Ottavio Missoni, who together with his wife founded the eponymous Italian fashion house famous for its geometrical patterns and colourful knitwear, has died aged 92.
Missoni, nicknamed Tai, was born in what is now Dubrovnik, in the Kingdom of Yugoslavia, the son of a sea captain and an Austrian countess. He was a student world athletics champion but when war broke out he found himself an infantryman, and was held a British prisoner of war for four years after fighting at El Alamein.
After the war he was an Italian athletics champion and finished sixth in the 400 metres hurdles in the 1948 Olympic Games in London. He also designed the team’s outfits.
While in England, he met his future wife Rosita Jelmini, whose family had a small scarf and fabric business in the town of Golasecca, near Varese. Ottavio fell for her and when she invited him to her 17th birthday party a few months later he showed up with a card on which he had drawn a picture of the two of them surrounded by children and grandchildren. It was, he said, a picture of them in 2048.
Reality wasn’t too different. The couple married in 1953 and soon founded the Missoni knitwear company.
The firm’s first collection was presented in Milan in 1958, but it wasn’t until the 1970s that Missoni became one of the world’s best-known fashion brands and a synonym for Italian excellence. It became known for its colourful patterns, often based on Aztec or modernist designs, and some of its creations are permanently shown at the Museum of Modern Art in New York.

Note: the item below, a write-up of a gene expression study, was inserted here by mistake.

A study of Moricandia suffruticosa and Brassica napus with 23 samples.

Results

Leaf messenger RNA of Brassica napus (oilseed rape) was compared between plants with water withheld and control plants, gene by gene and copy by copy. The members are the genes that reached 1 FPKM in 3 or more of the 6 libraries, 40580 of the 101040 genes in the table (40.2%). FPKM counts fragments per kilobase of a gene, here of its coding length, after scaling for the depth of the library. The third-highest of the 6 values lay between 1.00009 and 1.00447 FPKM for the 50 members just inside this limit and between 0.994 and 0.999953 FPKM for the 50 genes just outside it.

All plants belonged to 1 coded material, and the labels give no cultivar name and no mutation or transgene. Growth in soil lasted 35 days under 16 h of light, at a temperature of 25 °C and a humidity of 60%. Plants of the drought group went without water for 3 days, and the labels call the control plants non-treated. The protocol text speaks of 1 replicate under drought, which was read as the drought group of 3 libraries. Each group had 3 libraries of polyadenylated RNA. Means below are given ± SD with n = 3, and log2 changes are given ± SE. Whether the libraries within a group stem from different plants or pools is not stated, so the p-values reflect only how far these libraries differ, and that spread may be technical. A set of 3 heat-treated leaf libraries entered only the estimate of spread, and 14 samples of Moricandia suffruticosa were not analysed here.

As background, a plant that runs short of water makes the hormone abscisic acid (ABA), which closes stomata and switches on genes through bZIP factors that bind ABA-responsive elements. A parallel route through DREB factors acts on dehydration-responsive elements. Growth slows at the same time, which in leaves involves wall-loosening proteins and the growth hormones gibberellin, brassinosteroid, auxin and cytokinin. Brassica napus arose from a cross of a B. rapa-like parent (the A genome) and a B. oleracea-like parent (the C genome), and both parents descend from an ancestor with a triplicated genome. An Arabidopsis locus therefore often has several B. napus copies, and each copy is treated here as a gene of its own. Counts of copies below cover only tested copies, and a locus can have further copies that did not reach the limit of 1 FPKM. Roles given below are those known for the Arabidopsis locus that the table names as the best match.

In the 1990s, Ottavio and Rosita left the day-to-day management of the family business to their three children, Vittorio, Angela and Luca, who went on to expand the brand internationally, adding a hotel chain and perfume collection.
Today, the company is still managed by the family, with second-gens Angela and Luca working as creative director and design director respectively. A number of grandchildren are also involved in the business.
Earlier this year, the family was hit by tragedy when the Missonis’ eldest son Vittorio, who served as the company’s general director, disappeared off the coast of Venezuela in January, after the small plane he was travelling on with his wife and two other people vanished. His body has never been found.
Ottavio died “peacefully” on 9 May at his home in Sumirago, near Varese, the company said in a statement, a week after being admitted to the hospital for heart failure and respiratory problems.